Research Article: How Quorum Sensing Connects Sporulation to Necrotrophism in Bacillus thuringiensis

Date Published: August 2, 2016

Publisher: Public Library of Science

Author(s): Stéphane Perchat, Antoine Talagas, Sandrine Poncet, Noureddine Lazar, Inès Li de la Sierra-Gallay, Michel Gohar, Didier Lereclus, Sylvie Nessler, Theresa M. Koehler.


Bacteria use quorum sensing to coordinate adaptation properties, cell fate or commitment to sporulation. The infectious cycle of Bacillus thuringiensis in the insect host is a powerful model to investigate the role of quorum sensing in natural conditions. It is tuned by communication systems regulators belonging to the RNPP family and directly regulated by re-internalized signaling peptides. One such RNPP regulator, NprR, acts in the presence of its cognate signaling peptide NprX as a transcription factor, regulating a set of genes involved in the survival of these bacteria in the insect cadaver. Here, we demonstrate that, in the absence of NprX and independently of its transcriptional activator function, NprR negatively controls sporulation. NprR inhibits expression of Spo0A-regulated genes by preventing the KinA-dependent phosphorylation of the phosphotransferase Spo0F, thus delaying initiation of the sporulation process. This NprR function displays striking similarities with the Rap proteins, which also belong to the RNPP family, but are devoid of DNA-binding domain and indirectly control gene expression via protein-protein interactions in Bacilli. Conservation of the Rap residues directly interacting with Spo0F further suggests a common inhibition of the sporulation phosphorelay. The crystal structure of apo NprR confirms that NprR displays a highly flexible Rap-like structure. We propose a molecular regulatory mechanism in which key residues of the bifunctional regulator NprR are directly and alternatively involved in its two functions. NprX binding switches NprR from a dimeric inhibitor of sporulation to a tetrameric transcriptional activator involved in the necrotrophic lifestyle of B. thuringiensis. NprR thus tightly coordinates sporulation and necrotrophism, ensuring survival and dissemination of the bacteria during host infection.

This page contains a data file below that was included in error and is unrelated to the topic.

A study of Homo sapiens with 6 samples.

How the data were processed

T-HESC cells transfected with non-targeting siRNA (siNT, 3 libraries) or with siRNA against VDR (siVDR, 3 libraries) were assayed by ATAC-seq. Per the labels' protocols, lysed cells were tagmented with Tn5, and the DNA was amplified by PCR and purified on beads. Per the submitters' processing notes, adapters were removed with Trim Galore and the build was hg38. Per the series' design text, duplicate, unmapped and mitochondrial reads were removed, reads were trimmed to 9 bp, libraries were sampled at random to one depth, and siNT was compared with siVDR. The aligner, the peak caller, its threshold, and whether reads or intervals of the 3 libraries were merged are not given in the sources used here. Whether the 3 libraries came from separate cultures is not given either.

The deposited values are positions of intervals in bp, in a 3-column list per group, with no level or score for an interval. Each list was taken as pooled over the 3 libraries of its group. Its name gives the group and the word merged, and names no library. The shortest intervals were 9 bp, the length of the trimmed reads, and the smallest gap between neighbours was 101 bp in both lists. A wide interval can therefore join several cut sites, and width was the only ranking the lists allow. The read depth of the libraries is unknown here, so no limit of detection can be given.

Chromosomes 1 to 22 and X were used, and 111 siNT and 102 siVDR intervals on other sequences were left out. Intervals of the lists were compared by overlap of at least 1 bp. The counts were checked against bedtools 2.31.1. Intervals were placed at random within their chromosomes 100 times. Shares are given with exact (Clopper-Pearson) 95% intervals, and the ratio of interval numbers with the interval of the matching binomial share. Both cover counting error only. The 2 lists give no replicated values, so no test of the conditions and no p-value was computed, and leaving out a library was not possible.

Partial Text

Sporulating bacteria have developed a number of sophisticated mechanisms devoted to the temporal and spatial coordination of cell fate and gene expression. Regulatory mechanisms, as two-component systems, contribute to maintain this tight coordination by tuning gene expression and protein activation in response to a large variety of environmental stimuli including nutrient limitation and population density [1]. In Gram-positive bacteria, quorum sensing is a mode of cell-cell communication involving the secretion of diffusible signaling peptides recognized by the responder bacteria [2, 3]. These peptides elicit a response either directly, by binding to effector proteins or indirectly, by triggering a two-component phosphorelay.

Unlike the results published by Cabrera and colleagues [27] claiming that NprR has a positive effect on sporulation, our results demonstrate that NprR is a bifunctional regulator repressing sporulation in the absence of its cognate peptide NprX and acting as a transcriptional activator in the presence of peptide. These findings are in agreement with previous studies suggesting that NprR is an evolutionary intermediate between the Rap and the transcriptional activators of the RNPP family [4, 8].